For the record: This article focuses on events in which a band is responsible for providing its own sound system for up to 500 guests.
And that scenario looks something like this: As the event begins, the band starts playing and the guests enter the hall, enveloped by perfectly blended instruments and vocals. The musicians are great, yes, but at that moment it's all about the mix—actually, a series of mixes.
First, you need the right mix of musicians to best complement the style, theme and focus of the event, as well as satisfy the client based on their history, culture, likes and dislikes
Second are the music selections. There's a mix for cocktails, another for dinner, and one for the dance portion of the evening. Moreover, within each of these mixes decisions have to be made about slow tunes versus fast, instrumental versus vocal, and when it's finally time to kick it up and rock the house, mixing all the forms of dance music popular today.
Third, and the focus of this article, is the mix coming from the stage. This is the combining and balancing of all the instruments and voices to create the best listening and dancing experience. There are many different sound sources coming from the stage. The instruments (amplified and unamplified including vocals); the stage monitors (so the band can hear what they're singing and playing); and the P.A. system. Deciding what to run through the P.A.-- and equally important, what not to run through it--can seriously affect the success of an event.
Most event professionals understand the importance of a final sound check, but getting a good mix starts before that. It comes from advance knowledge of the venue where the event is being held. If it's a new location for you, then make sure you arrange a site inspection. The layout and acoustic properties of a room or outdoor space can make a huge difference in the amount and types of equipment needed.
For example, I recently played a wedding at a venue that was new to me. During the walk-through, I discovered the room was split into two sides, each different in size. On one side was the stage and dance floor. The other was a longer rectangle with the tables and chairs perpendicular to the stage. Not only did I have to bring extra speakers to cover both sides, but I also had to be able to control each set of speakers separately. The speakers in the dining area were used for welcoming speeches, toasts and some of my MC duties. The speakers at the stage were used for vocals and instrument reinforcement. Good thing I did that walk-through!
Some venues have loudness restrictions and deal with them in a variety of ways. Loudness is measured in decibels (dB) so, for example, I might be told that there is a 50dB limit placed on all music.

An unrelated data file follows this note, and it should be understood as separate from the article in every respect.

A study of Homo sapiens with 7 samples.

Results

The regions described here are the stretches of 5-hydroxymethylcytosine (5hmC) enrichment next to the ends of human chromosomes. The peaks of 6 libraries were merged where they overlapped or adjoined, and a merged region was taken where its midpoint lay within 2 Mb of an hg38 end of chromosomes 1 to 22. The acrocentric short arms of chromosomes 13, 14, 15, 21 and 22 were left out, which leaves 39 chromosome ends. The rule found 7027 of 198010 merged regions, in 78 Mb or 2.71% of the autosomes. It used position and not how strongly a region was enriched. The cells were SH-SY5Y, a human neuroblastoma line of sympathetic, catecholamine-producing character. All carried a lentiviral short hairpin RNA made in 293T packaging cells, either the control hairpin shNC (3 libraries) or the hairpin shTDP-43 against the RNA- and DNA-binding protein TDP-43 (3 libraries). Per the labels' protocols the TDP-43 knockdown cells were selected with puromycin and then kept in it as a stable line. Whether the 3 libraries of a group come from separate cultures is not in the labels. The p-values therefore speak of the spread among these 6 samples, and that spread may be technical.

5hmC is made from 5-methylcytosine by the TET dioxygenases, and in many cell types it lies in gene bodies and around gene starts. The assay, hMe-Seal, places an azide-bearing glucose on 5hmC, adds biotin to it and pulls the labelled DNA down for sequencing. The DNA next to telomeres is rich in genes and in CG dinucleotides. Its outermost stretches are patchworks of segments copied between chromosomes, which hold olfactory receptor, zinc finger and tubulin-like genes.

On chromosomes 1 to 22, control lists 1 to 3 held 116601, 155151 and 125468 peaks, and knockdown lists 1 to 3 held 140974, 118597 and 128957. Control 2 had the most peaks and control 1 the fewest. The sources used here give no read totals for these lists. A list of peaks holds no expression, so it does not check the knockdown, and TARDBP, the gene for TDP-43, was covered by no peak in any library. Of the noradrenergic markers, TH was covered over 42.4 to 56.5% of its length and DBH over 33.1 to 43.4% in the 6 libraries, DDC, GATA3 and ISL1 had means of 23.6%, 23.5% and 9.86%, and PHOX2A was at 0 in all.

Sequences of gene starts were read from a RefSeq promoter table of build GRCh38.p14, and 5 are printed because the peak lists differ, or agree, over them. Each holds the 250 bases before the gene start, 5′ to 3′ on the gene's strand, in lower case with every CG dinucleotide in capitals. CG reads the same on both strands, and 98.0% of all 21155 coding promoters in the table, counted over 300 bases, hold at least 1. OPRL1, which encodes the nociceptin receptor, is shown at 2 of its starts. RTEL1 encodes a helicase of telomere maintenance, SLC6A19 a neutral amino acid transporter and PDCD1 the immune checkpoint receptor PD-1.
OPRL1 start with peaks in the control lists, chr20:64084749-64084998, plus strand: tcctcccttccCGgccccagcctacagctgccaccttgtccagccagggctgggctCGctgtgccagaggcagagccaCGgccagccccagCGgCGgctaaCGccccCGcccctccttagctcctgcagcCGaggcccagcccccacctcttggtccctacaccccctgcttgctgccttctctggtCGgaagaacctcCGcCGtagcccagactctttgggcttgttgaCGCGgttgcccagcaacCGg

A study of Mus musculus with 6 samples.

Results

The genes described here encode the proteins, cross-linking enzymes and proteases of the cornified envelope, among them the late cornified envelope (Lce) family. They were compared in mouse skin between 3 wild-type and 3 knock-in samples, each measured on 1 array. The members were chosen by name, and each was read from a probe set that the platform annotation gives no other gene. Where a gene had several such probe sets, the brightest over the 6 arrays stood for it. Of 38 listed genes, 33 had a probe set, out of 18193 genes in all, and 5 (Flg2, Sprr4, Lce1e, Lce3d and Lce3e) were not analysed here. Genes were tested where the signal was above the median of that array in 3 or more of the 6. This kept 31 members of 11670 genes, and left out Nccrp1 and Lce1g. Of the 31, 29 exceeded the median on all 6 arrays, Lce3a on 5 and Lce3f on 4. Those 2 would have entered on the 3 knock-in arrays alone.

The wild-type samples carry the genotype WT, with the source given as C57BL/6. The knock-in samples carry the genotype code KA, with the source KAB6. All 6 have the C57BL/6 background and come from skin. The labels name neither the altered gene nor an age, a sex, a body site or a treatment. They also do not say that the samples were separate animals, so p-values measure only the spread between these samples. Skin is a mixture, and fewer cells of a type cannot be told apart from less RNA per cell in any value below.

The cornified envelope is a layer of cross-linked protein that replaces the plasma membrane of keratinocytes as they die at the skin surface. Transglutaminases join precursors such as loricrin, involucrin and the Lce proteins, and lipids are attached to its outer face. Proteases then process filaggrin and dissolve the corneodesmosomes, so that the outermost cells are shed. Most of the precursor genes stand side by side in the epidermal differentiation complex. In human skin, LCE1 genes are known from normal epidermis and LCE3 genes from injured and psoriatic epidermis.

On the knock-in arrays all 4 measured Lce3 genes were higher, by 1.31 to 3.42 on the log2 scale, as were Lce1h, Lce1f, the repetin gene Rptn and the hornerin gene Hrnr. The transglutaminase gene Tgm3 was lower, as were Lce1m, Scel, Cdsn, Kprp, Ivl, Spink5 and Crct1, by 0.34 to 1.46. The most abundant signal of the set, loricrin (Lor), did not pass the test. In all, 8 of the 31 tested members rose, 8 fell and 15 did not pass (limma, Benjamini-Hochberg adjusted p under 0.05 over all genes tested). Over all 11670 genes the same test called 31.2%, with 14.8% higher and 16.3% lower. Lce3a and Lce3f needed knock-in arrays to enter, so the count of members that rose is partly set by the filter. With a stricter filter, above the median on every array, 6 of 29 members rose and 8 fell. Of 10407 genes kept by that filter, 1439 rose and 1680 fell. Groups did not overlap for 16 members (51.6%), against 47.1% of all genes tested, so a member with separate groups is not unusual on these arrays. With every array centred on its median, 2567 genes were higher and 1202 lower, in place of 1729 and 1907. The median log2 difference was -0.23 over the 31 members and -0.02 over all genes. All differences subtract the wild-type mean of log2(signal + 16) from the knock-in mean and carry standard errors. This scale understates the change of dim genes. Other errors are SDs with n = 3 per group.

The first question one has to ask is: From where is the measurement taken? The closer to the stage, the quieter the band needs to play. Only when that distance is established can the mix be adjusted correctly.
At one outdoor venue I played, management was so concerned about the band playing too loudly that they installed dB meters around the dance floor. These meters were tied in to the power coming to the stage and we were warned that power would be cut off immediately if we exceeded the loudness limit. Wow, no pressure there!
Although loudness restrictions can create challenges--and some musicians consider them a huge annoyanc--any band worth its salt can rock hard no matter the volume. I played a wedding at a well-known botanical garden, and was told in advance that no amplified instruments were allowed. However, we could bring a small P.A. into which we could plug one microphone and a keyboard. Ultimately, I brought three acoustic guitarists, an upright bass, flute, sax and keys. The drummer brought his cocktail drum set--a compact kit popular in the 1950s and 60s--and the vocalists huddled around the mic. We rocked the house and were subsequently hired by the venue to play their upcoming fundraiser!
Last, and most importantly, are the wishes of the client. I recall one bride who wanted us to start the evening by introducing the bridal party … to the sounds of "Enter Sandman" by Metallica. For her, it was no-holds-barred, so all amps, drums and mics ran through the P.A. We were loud! But that's what this bride wanted. Her stated goal: to have the cops come.
She was a bride of rare and wonderful spirit. But the majority of clients want that perfect blend of, as one of my brides put it, "chill and get on up." Meaning that the mix will change as the night progresses.
This is not to say that the music will just get louder. It's about what gets louder when and rebalancing the other elements around it. For example, as the dance portion of the evening starts to rev up, boosting only the bass guitar and kick drum (the big one with the band's name on it) will enhance the intensity on the dance floor and better complement the groove the band is putting down at this stage of the night. As dancing continues, you can turn things up as needed, creating that perfect sonic trajectory that started slow and easy at the cocktail hour and climaxes in that last hour of celebratory frenzy that keeps them begging for more.
Gerry Rothschild is head of the L.A.-based-Gerry Rothschild Band. He is an Emmy Award-winning musician, performer and editor, whose bands have played in countries all over the world. He is a former president of ISES L.A. Photo by Linnea Lenkus.